Trophy wife is an informal term for a wife, usually young and attractive, who is regarded as a status symbol for the husband, who is often an older and wealthy "sugar daddy". The term trophy husband is the male equivalent.
Referring to a spouse as a trophy wife usually reflects negatively on the character or personality of the husband, and has a connotation of narcissism and desire to impress others, and that the husband would not be able to attract the sexual interest of the attractive woman but for his wealth or position. It can also be used to imply that the trophy wife in question has little personal merit besides her physical attractiveness, does very little of substance outside of remaining attractive, requires substantial costs for maintaining her appearance and is in some ways synonymous with the term "gold digger".
According to one survey study in the United States, the phenomenon is very rare.
The term's etymological origins are disputed. One claim is that trophy wife originally appeared in a 1950 issue of The Economist newspaper, referring to the historical practice of warriors capturing the most beautiful women during battle to bring home as wives. William Safire claimed that the term trophy wife was coined by Julie Connelly, a senior editor of Fortune magazine, in a cover story in the issue of August 28, 1989 and immediately entered common usage. Many sources claim the term was coined earlier (for example, the Online Etymology Dictionary cites 1984) but easy online access to William Safire's article about the term has led many (such as Oxford English Dictionary) to believe that August 28, 1989 was its first use. However, the idiom is found in passing in a quote in a 1965 publication, apparently referring to the wife of Bernie Madoff.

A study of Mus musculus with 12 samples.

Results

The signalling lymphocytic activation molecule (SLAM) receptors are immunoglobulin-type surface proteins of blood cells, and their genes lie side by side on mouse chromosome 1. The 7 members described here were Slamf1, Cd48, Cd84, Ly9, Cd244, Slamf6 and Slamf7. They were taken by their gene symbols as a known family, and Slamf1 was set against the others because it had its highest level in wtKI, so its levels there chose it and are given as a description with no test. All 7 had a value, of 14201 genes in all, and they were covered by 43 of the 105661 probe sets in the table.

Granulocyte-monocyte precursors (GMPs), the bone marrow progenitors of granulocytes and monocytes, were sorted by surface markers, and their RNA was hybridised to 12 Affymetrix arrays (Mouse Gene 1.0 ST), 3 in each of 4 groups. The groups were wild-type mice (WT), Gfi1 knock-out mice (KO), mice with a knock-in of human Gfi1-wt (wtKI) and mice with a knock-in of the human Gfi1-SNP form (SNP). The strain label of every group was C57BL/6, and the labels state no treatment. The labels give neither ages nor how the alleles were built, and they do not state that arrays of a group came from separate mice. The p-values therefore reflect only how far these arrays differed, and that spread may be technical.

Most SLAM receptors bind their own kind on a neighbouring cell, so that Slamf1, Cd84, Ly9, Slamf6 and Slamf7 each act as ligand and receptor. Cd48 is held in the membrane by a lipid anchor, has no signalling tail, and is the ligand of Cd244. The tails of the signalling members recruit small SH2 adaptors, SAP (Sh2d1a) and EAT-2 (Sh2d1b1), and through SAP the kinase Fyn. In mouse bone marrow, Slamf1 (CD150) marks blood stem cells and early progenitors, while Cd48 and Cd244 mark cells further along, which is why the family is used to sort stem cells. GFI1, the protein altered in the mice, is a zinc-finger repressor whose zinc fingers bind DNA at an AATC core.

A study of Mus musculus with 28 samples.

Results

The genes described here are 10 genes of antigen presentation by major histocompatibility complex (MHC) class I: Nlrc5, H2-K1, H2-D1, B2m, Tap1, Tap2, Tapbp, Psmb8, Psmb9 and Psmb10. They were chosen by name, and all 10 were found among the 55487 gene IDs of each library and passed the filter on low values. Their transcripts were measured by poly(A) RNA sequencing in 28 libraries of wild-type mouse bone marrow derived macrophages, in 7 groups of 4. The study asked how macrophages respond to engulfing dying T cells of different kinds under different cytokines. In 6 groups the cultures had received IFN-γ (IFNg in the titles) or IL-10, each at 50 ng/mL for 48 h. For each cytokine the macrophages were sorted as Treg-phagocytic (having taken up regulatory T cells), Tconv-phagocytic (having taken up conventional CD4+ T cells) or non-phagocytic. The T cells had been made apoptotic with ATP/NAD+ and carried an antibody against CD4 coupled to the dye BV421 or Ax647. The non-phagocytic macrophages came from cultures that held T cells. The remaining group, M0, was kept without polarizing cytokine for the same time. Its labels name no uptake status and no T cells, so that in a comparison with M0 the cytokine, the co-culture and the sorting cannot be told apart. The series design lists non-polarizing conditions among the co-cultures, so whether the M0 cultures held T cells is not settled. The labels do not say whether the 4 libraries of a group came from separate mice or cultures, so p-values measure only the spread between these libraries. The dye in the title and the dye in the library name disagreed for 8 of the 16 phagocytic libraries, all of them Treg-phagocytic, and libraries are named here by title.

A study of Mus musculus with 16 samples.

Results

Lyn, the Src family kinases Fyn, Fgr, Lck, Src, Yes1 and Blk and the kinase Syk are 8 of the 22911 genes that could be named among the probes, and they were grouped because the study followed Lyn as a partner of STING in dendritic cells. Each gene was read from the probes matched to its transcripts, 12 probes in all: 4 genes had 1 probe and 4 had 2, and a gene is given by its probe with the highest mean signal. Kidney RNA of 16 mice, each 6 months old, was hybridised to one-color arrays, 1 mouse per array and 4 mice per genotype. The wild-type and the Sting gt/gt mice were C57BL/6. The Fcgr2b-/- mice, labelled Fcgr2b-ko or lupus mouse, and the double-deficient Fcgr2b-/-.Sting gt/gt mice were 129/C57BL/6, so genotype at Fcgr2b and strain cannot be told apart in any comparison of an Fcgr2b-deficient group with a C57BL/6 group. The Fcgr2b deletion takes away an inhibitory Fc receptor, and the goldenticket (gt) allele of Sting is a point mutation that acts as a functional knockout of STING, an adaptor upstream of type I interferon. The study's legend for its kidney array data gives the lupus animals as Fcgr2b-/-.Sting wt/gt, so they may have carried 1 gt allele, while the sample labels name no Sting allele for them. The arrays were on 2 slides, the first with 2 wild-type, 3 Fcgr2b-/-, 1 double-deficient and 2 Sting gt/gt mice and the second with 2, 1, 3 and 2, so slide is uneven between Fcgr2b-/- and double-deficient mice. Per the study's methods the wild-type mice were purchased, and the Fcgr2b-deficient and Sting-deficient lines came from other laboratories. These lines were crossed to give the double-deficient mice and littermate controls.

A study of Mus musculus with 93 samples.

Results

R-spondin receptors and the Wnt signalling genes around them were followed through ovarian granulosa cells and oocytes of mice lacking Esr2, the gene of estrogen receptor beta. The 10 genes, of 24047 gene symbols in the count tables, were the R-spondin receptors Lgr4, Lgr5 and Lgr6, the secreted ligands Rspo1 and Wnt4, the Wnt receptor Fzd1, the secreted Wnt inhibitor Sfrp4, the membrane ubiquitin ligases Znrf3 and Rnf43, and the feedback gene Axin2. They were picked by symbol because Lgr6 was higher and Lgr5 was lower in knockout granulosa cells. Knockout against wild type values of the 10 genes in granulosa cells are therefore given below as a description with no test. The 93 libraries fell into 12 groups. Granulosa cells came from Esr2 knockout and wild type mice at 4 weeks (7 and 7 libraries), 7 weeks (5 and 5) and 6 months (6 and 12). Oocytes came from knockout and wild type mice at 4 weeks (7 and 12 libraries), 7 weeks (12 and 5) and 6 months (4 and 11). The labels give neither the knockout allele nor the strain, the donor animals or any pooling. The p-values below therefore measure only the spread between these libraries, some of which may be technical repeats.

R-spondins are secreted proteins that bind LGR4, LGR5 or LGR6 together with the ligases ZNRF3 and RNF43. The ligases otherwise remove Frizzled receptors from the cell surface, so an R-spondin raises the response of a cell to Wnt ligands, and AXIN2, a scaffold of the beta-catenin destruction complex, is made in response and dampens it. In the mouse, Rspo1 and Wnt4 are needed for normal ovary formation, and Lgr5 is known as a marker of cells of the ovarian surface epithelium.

The 64th US Congress presented a large silver trophy to Elizabeth Bolling Galt upon the occasion of her marriage to President Woodrow Wilson on December 18, 1915. This trophy is on display at the Woodrow Wilson House, S Street, Washington, DC. Mrs. Wilson was 16 years junior to the President.
Considering the possible recent origins of the term it must be noted that the term in Latin, Tropaeum uxor, appears in many scripts of both Greek and Roman origin dating as far back as the first half of the first century, as far back as 50 AD. There is the example found in the Naturalis Historia (by Gaius Plinius Secundus); though the meaning was probably not close to today's meaning and referred to "trophy women" as part of the tribute to Roman conquerors by defeated opponents. 
In popular culture
- Comedian Steven Wright once quipped, "A friend of mine has a trophy wife. But from the looks of her, it wasn't first place".
- The marriage of former Playboy Playmate Anna Nicole Smith to oil billionaire J. Howard Marshall was widely followed by the US mass media as an extreme example of this concept. At the time of their marriage, he was 89 years old and she was only 26.
- Linker, Harry. "Buying into the Hype: Trophy Antiques and Collectibles". 7 May 2010.<http://www.worthpoint.com/blog-entry/buying-hype-trophy-antiques-collectibles>.
- Safire, William (1 May 1994). "ON LANGUAGE; Trophy Wife". The New York Times.
- Harper, Douglas. "trophy". Online Etymology Dictionary.
- Oxford English Dictionary Addition Series 1997
- "So Many Comics, so Little Time: A 'Laughs' Roundup". Chicago Tribune. 19 June 2011.
- Roy, Amit. "Padma walks out, but some 'trophy wives' have stayed the course", The Telegraph, India (4 July 2007).
- Barone, Michael. "More Than Anna Nicole Smith's Husband: The Oil-Soaked Life of J. Howard Marshall". 2 March 2009.
- http://www.t3.com/reviews/phones/mobile-phones/motorola-aura-mobile-phone-review T3 magazine in a review of the Motorola luxury "Aura" mobile phone model: "We think it’s best to think of the AURA as the trophy-wife of the phone world, it’s great to look at and bring to social occasions, but that’s about it."